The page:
Poised for the plunge
WISSARD team ready to explore subglacial Lake Whillans
Posted January 14, 2013
The final push by a team of U.S. Antarctic Program (USAP) scientists to explore a lake nearly a kilometer below the ice sheet is about to begin.
Researchers were scheduled to start flying from McMurdo Station to the edge of the West Antarctic Ice Sheet this week. Their destination: subglacial Lake Whillans, a liquid body of water trapped under about 800 meters of ice. Their mission: To retrieve water and sediment samples from the lake to learn what sort of life might exist in such an extreme environment.
Scientists also hope to learn some basic facts about the geology and chemistry of such a lightless aquatic system. In addition, the muck and mud below the lake floor could contain clues about the geologic history of Antarctica, as well as the ebb and flow of its ice sheets through time.
In other words, there’s a lot to learn from Lake Whillans.
And not a lot of time to do it.
After years of planning, instrument development and construction of a new hotwater drilling system, the scientists on the Whillans Ice Stream Subglacial Access Research Drilling (WISSARD) project may only have a few days to explore what many consider the last frontier in polar research.
It’s a lot of pressure. And quite exciting, according to Ross Powell , a professor at Northern Illinois University and one of the three scientists on the WISSARD executive committee. The project is mainly funded by the National Science Foundation’s Office of Polar Programs through the Antarctic Integrated Systems Science program.
Photo Credit: Peyton Adkins
The WISSARD tractor traverse begins its journey to subglacial Lake Whillans.
“Thinking that we could be the first group to look at one of these things is certainly something that drives everybody. It certainly drives me,” Powell said a few hours before a modern-day wagon train of Case and Challenger tractors completed the two-week journey across the Ross Ice Shelf to the field site on Jan. 13.
The tractor traverse had just hauled some 18 containers of cargo, science labs and the hotwater drilling rig and platform across the Texas-sized ice shelf. They had left McMurdo shortly just before New Year’s Day following a series of tests of the drill and science equipment.
“I thought the test went really well. It was a good test because we found out where there were some problems, which we have now had time to solve. We are now set to go,” Powell said.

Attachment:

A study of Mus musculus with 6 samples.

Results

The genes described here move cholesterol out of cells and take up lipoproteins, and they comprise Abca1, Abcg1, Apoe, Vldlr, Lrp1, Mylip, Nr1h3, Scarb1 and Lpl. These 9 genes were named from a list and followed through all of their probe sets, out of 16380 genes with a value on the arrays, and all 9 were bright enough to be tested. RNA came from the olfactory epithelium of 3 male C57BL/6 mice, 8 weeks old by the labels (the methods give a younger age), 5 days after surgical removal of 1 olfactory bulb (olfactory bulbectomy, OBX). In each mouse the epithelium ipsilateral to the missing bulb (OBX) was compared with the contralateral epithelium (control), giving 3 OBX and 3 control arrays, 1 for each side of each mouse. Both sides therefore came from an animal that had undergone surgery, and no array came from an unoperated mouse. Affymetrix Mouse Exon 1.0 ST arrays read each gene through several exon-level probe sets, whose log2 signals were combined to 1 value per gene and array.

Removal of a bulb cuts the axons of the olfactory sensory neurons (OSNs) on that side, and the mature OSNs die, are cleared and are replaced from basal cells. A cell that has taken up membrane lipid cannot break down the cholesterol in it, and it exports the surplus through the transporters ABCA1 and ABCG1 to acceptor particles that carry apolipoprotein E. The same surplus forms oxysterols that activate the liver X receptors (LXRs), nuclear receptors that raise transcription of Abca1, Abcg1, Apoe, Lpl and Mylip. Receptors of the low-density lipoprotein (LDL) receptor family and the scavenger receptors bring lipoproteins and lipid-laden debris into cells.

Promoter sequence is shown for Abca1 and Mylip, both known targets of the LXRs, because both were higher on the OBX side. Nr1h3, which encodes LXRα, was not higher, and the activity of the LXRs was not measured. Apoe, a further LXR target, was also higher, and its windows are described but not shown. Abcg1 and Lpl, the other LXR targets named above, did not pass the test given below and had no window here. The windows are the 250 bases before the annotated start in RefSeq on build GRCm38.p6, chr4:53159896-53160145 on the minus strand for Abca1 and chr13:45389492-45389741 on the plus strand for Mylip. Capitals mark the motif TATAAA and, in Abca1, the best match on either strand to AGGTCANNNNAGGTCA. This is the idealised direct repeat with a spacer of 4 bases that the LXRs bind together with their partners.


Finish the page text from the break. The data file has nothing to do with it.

During December, the WISSARD team spent most of the month on the 60-meter-thick McMurdo Ice Shelf putting the drill and equipment through a dress rehearsal. It was the first time the entire operation had been put together in one place.
Photo Credit: JT Thomas
Drillers Daren Blythe and Dar Gibson shovel snow into the snow melter providing water for the hotwater drill, which will melt a hole through 800 meters of ice on top of subglacial Lake Whillans.
The complex hotwater drill system — designed, built and operated by the University of Nebraska-Lincoln — uses a combination of off-the-shelf components such as hot pressure washers, equipment salvaged from the IceCube Neutrino Observatory project at the South Pole Station , and some custom-made pieces. It will bore a 60-centimeter hole through the ice over Lake Whillans in about three days.
The choreography of the operation requires more than just sending a vertical parade of science instruments down the borehole to collect various water and sediment samples, as well as take scientific measurements. Water used by the drill must be filtered and equipment sanitized to ensure the pristine lake environment isn’t contaminated — or that biological samples aren’t somehow compromised.
Water entering the borehole will pass through a series of filtration modules. The hotwater drill equipment and science instruments will be treated to eliminate particles and microbes from reaching the lake water. Everything will pass through a UV collar around the mouth of the borehole for a zap of sterilizing radiation.
The clean access protocols are necessary but time-consuming, as the team discovered during the test phase.
“It certainly adds to the complexity and time of operations,” said Powell, one of about a dozen principal investigators on the project.